Ask the Admin: Dealing With a Difficult Boss

By | Nov 6, 2009

Today we have another question from a reader: how do you handle a difficult boss? Here’s the e-mail I received:

How do you deal with a boss who’s not only moody, but crazy?

I swear she must be bi-polar. She will fly off the handle at the smallest thing – and everything in the world is the biggest tragedy.
She has not perception of personal boundaries. If someone has food out on the desk such as granola, chips or cookies – she will walk right up reach her hand in the bag and help herself. She can curse a blue streak and is computer illiterate. It’s not like she has been here 35 years and is a part of the woodwork – she was hired in July of 2009 I believe because of her “Dynamic” personality to raise the profile of the organization in the area but I believe she will raise awareness for all the wrong reasons.

Any ideas on how to cope?

I apologize in advance for the long post, but there are several separate issue here that I’d like to address.

Defending Personal Boundaries

Let’s take the issue of personal boundaries first.

This is an issue that everyone will deal with at some point in their career, if not with a boss, then at least with a coworker.  Let’s face it, not everyone has the same concept of personal boundaries.  Personally, I have huge personal boundaries, and I mean really huge.  If someone gets within 5 feet of me, I get tense.  Of course, that’s not a boundary I can rightly defend in the office.  Sometimes I just have to share that extended personal space with others.  However, I do draw the line at more close contact.

That’s the situation you have here.  Her definition of personal boundaries is much different than yours.  The only way to deal with such an issue is to address it in a cordial and friendly manner.  Ask to talk with her, sit down and explain that the situation makes you uncomfortable.  Make sure to address it in a manner that is non-threatening and non-blaming.  Your comments should be framed in the form of “I feel x when you do y”.  Always address it as your feelings and not her actions.  Because that’s what it comes down to.  Your feelings.  So essentially you are asking a favor of her to not cross your boundaries.  “I feel very uncomfortable when you just take food off my desk without asking.”  Most likely she’ll apologize and try not to do it any longer.  If she does, just giver her a gentle reminder that you are very uncomfortable with that behavior.

Setting and maintaining boundaries is something we all must do every day in all of our interactions.  Some are easier to set and maintain than others, but it’s something we have to do for our own peace of mind.  Remember though, that in the workplace, you need to choose your battles.  Just like I can’t ask people never to come within 5 feet of me, there are times when your boundaries have to be let down a bit.  However, on this subject, I’m on your side.  She should ask before taking food from someone else.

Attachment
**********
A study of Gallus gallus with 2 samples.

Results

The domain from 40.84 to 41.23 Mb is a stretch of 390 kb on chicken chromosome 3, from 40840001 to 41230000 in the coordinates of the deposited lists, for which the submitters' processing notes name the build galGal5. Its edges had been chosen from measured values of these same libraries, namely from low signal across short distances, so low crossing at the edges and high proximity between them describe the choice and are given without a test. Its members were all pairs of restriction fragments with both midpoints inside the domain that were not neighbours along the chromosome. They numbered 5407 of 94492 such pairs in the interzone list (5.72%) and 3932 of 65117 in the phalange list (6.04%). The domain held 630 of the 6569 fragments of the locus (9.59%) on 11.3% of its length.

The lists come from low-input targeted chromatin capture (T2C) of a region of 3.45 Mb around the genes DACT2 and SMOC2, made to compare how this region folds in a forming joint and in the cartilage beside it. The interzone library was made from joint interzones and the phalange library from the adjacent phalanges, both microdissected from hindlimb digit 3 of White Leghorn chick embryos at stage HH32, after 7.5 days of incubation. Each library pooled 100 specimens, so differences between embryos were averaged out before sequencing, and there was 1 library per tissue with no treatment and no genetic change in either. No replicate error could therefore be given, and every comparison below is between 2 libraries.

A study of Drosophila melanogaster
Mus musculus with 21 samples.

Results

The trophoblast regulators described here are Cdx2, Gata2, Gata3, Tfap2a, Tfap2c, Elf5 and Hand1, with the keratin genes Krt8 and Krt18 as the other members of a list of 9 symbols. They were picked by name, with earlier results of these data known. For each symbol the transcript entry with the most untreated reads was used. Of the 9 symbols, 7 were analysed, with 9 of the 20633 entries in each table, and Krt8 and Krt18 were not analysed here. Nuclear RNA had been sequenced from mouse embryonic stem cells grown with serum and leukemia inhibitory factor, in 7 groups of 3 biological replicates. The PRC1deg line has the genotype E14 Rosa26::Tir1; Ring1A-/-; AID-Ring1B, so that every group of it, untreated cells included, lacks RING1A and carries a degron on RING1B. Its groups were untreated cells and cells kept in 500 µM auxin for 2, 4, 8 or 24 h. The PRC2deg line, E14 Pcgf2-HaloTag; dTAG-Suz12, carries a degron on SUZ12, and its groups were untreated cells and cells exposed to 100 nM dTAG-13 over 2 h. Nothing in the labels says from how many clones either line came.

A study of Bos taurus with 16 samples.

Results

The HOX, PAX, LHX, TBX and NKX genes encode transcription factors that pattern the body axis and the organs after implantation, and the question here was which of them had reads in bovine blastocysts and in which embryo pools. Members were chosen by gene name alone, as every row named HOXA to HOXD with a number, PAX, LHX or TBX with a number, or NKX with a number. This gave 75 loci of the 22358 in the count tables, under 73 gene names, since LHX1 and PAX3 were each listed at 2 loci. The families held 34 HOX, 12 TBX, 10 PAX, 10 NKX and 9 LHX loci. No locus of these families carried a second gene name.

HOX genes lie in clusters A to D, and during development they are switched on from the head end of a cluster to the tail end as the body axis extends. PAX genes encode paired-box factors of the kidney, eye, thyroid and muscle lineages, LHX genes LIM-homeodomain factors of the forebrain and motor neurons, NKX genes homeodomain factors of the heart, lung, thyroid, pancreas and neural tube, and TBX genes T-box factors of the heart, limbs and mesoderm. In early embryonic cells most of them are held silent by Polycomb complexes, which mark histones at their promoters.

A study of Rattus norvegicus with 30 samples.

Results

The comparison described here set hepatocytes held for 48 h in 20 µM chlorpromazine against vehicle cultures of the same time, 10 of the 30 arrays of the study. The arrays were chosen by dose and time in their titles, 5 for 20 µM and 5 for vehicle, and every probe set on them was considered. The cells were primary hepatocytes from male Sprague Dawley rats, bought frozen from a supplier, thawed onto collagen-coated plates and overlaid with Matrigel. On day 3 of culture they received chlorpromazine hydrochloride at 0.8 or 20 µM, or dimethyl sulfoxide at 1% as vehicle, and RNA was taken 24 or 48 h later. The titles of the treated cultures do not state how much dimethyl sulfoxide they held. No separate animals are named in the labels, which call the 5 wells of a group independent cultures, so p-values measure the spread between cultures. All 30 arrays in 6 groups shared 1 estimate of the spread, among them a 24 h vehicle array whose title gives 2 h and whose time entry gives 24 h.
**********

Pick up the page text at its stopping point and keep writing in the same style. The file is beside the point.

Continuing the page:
You can find some excellent books on the subject at Amazon.com such as Where to Draw the Line: How to Set Healthy Boundaries Every Day (this is an affiliate link). I read this particular book some time ago and found it particularly helpful.

Cursing in the Workplace

This is another issue that is akin to personal boundaries.  And, of course, my answer here is going to depend on whether she is just cursing in general without particular anger, or whether she is cursing at you or others and/or raging in anger.  I’ll deal with the former issue here, and address the latter issue further down.

Again, this is a boundary issue.  Cursing has never particularly bothered me in the workplace, mainly because I grew up in the army and heard cursing all of my life.  But that’s just me.  I know other people are very bothered by cursing, which is why I avoid using it in the office.  Again, this is something that should be discussed with your boss just like the above personal boundary issues.  Most people are aware that cursing makes people uncomfortable and are willing to restrict themselves, especially in a professional atmosphere.

Dealing with Abuse

Defending personal boundaries is one thing, but dealing with abuse is something else entirely. No one should have to deal with abuse in the workplace!

Dealing with moodiness is one thing, but if she is yelling, throwing things, or cursing at you, then her behavior needs to be addressed, and not by you.  In any case where there is abuse in the workplace, the best thing you can do is talk to Human Resources.  Before you go, sit down and make a list of things that have happened in chronological order.  Write things out in detail.  What was said by whom, what happened, what actions took place.  Also detail how the words and actions made you feel.  Then make an appointment with your HR representative and discuss the issue with them.  It should be up to them to make a discreet investigation, and then deal with the issues with your boss.

It’s always difficult to deal with an issue that may be due to mental illness.  There’s ADA (Americans with Disabilities Act) considerations, among others.  But even if she turns out to have a mental illness, that does not giver her leave be abusive to her staff or anyone else.  You have a right to be protected from such behavior.

I wish you luck in handling this situation.  It’s never easy, even when it’s a coworker, but when it’s a boss who holds your career in their hands, it can be an incredibly frightening situation. Again, there are some excellent books on the subject. This one got great reviews on Amazon: The Bully at Work: What You Can Do to Stop the Hurt and Reclaim Your Dignity on the Job (this is an affiliate link).